Remote Internships: Refugee and vulnerable youth gain work experience
New, remote internship programme matches refugee and vulnerable youth living in the Middle East to valuable 3-6 month work experience opportunities within national and international companies.
“There are so many talented young people in the Middle East with exceptional skills but no job opportunities,” says Shawki Alghandour. At 24, he moved from Syria to the Kurdistan Region of Iraq. With a Bachelor degree in English Literature, he spent a year searching for a job but was faced with rising youth unemployment levels in the region.
Throughout Iraq, pandemic-related job losses and shrinking employment opportunities have resulted in a spike in unemployment, from 12.76 percent in 2019 to 13.74 percent in 2020, according to World Bank data. Globally, remote working has become a norm for many workplaces. Despite some drawbacks, overall employers and employees have experienced multiple, mutual benefits. From cost savings on travel and office rent, to greater quality of life and even increases in productivity. For young people living in places with few job opportunities, remote working has opened up new job markets to them.
In 2020, a small pilot programme was initiated to support struggling, young job seekers gain work experience. Co-financed by the Dutch Ministry of Foreign Affairs, Islamic Development Bank (IsDB), Islamic Solidarity Fund for Development (ISFD) through the Tadamon programme, and the Dutch Postcode Lottery, the programme matches youth to remote-working internships within Iraqi and international companies.
Shawki, digital marketing intern
Shawki Alghandour, who lives in Erbil in the Kurdistan Region of Iraq (KR-I), was looking for an opportunity to gain work experience when he was placed in a remote-working internship at a Baghdad-based digital marketing agency. “For a young Syrian refugee in Iraq, it is amazing to be part of giant international companies.”
During Shawki’s remote internship, he was responsible for content creation and learnt new digital skills. After enjoying his experience with the programme, he became an internship coordinator, supporting other job seekers to find their first career opportunity.
SPARK co-designed the remote internship programme alongside The Station, a leading Iraqi coworking non-profit, and Kiron, a higher education NGO operating throughout the Middle East. Companies from across the Middle East, Europe, Singapore, the USA and the UK have joined the programme, welcoming skilled Iraqi and Syrian youth to their digital teams within 3-6 month, remote-based internships in digital media, mental healthcare and consulting sectors.
“As a former digital intern, I know that companies ask for work-ready employees but an internship is also a learning process for interns. My role is to meet with companies and convince them that this is an experience sharing process,” Shawki notes.
After assessing the needs of companies, SPARK and its partners carefully match interns to relevant positions within local or international companies. For those interns without access to laptops or stable internet, computers are provided and financial stipends for more than 50 interns in Iraq enable them to purchase data when needed.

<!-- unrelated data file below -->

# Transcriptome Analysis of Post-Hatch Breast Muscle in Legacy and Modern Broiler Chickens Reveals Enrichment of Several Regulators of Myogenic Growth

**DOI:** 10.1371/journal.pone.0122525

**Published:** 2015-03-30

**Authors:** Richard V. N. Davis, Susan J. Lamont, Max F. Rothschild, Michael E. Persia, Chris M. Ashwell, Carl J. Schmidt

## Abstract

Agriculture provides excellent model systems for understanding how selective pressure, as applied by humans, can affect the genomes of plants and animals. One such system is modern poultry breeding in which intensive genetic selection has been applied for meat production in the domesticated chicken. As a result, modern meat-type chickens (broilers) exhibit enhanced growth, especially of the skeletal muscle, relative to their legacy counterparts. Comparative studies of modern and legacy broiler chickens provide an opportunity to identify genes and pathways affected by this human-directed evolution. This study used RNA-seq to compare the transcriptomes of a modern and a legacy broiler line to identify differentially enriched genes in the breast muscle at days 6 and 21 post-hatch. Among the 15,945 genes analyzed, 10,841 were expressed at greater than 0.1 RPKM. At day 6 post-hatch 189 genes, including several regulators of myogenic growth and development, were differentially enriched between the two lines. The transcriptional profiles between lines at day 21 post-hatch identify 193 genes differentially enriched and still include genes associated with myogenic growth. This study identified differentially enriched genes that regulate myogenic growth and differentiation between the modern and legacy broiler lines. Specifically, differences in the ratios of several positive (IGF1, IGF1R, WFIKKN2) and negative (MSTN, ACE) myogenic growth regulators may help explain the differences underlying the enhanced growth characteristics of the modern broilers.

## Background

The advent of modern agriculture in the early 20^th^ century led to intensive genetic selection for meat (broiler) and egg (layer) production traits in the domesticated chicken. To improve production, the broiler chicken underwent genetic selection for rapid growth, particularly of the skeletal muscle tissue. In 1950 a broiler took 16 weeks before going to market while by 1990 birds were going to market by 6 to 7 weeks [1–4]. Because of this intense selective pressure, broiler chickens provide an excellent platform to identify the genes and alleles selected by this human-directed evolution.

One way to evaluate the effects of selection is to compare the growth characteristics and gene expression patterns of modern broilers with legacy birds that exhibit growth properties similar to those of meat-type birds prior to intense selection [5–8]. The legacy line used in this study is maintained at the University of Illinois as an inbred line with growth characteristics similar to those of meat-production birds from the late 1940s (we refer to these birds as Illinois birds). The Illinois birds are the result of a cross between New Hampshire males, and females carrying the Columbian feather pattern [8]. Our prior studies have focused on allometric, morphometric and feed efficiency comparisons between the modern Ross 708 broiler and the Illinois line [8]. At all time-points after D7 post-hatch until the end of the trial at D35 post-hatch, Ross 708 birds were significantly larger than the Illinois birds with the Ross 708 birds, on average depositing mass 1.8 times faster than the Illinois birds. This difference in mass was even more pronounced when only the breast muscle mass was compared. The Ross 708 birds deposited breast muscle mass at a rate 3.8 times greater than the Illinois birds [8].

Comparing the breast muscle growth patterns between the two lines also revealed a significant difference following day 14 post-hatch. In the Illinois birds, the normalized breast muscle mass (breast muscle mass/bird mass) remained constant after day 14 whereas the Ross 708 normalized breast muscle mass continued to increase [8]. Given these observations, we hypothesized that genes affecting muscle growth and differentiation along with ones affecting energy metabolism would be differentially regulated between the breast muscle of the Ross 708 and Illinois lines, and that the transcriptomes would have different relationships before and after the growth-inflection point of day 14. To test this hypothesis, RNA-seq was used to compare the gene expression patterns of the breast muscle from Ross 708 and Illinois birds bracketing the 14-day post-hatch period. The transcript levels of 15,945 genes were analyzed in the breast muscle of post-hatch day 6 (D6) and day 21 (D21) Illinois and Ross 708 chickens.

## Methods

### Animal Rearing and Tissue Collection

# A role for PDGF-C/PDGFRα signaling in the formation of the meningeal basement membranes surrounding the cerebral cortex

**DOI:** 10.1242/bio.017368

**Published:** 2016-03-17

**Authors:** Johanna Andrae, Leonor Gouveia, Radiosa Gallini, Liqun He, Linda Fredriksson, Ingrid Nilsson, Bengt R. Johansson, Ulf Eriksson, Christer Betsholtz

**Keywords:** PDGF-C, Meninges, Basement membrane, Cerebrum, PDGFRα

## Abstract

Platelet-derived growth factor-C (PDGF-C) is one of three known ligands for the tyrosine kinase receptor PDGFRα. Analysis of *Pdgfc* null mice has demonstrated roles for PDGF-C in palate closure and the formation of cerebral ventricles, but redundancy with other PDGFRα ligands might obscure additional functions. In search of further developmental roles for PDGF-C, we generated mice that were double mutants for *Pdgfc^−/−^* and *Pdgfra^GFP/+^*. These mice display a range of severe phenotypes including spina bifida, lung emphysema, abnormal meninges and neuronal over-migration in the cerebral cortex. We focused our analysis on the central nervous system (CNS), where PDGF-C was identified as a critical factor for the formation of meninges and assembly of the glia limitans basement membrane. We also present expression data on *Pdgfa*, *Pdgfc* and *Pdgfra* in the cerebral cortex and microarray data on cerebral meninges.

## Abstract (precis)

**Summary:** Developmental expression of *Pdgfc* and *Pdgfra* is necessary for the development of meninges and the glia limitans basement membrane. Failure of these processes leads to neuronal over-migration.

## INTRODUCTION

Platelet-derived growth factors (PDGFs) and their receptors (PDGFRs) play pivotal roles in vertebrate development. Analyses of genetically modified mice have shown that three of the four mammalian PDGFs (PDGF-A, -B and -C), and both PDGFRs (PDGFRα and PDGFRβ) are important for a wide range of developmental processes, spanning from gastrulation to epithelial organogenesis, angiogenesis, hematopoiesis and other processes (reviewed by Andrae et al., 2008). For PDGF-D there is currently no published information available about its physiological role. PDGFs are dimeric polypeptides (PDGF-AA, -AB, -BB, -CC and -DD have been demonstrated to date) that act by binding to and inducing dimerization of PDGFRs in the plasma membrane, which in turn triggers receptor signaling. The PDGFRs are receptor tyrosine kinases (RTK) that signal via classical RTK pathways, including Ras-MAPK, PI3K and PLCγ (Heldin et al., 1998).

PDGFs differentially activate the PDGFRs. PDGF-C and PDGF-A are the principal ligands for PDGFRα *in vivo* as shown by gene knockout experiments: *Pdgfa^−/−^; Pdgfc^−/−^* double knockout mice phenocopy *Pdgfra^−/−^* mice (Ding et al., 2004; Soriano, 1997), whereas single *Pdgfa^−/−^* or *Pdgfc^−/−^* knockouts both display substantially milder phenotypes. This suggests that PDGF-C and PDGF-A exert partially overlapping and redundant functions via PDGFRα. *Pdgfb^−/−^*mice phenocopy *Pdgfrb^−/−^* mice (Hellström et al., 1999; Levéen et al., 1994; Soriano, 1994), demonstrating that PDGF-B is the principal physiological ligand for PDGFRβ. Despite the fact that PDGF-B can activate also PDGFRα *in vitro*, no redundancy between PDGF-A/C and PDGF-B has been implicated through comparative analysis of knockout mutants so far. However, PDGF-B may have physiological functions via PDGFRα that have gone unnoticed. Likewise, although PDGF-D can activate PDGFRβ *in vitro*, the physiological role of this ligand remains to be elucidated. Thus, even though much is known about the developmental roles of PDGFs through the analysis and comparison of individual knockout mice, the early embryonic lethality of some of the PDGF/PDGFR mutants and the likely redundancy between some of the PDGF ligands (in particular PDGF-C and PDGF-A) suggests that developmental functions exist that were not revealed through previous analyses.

Baha, web design intern
Baha Ammo, a young Syrian man moved to Sulaymaniyah, in the Kurdistan Region of Iraq when he finished high school in his home country. With a scholarship from SPARK, he completed his university studies but due to the challenging job market and lack of experience, Baha was finding it difficult to get a job relevant to his skills.
He was placed in a remote internship at the Saba Centre for Studies and Human Development as a web designer where he created advertising campaigns and a website for the centre. “I felt so happy and excited to work as a digital intern, because I want to learn new things and meet new people”, Baha says.
“SPARK gave me training on how to develop a website and followed up regularly on my internship. I felt reassured”, he notes. “In the beginning, I thought that remote work wouldn’t suit me. After a few months as a digital intern, my view has completely changed. Now, I am able to connect with people online and complete my tasks without being in the office.”
Rama, digital media intern
Rama Labbad, a young woman from KR-I, worked as a Kurdish-English translator and language teacher for three years. After losing her job during the pandemic, she found it difficult to secure employment despite her outstanding language and IT skills. Through the remote internship programme she was matched to a remote position at Fanack, an independent media organisation focused on the Middle East and North Africa based in The Netherlands.
“This internship gives me the opportunity to apply my theoretical knowledge”, Rama says. She learnt a lot of new digital skills, such as publishing content on WordPress. “Apart from the learning aspect, I truly enjoy being part of an international team with people from Europe and Africa. My next meeting will be about pitching new ideas for the website, which makes me very excited”, she adds.
The impact of the pilot programme has been promising. A report by Catalyst Consulting on the pilot internship programme found that 88.2 percent of the participants believed their internships made them stronger candidates. In Iraq so far, 16 percent of interns have been hired by their internship employers or found another job or internship within 3 months of completing their remote internship.
The pilot programme has recently expanded to Lebanon, where 41 interns from Syrian, Lebanese and Palestinanian backgrounds have successfully completed their internships and over 50 percent of those have been offered further employment.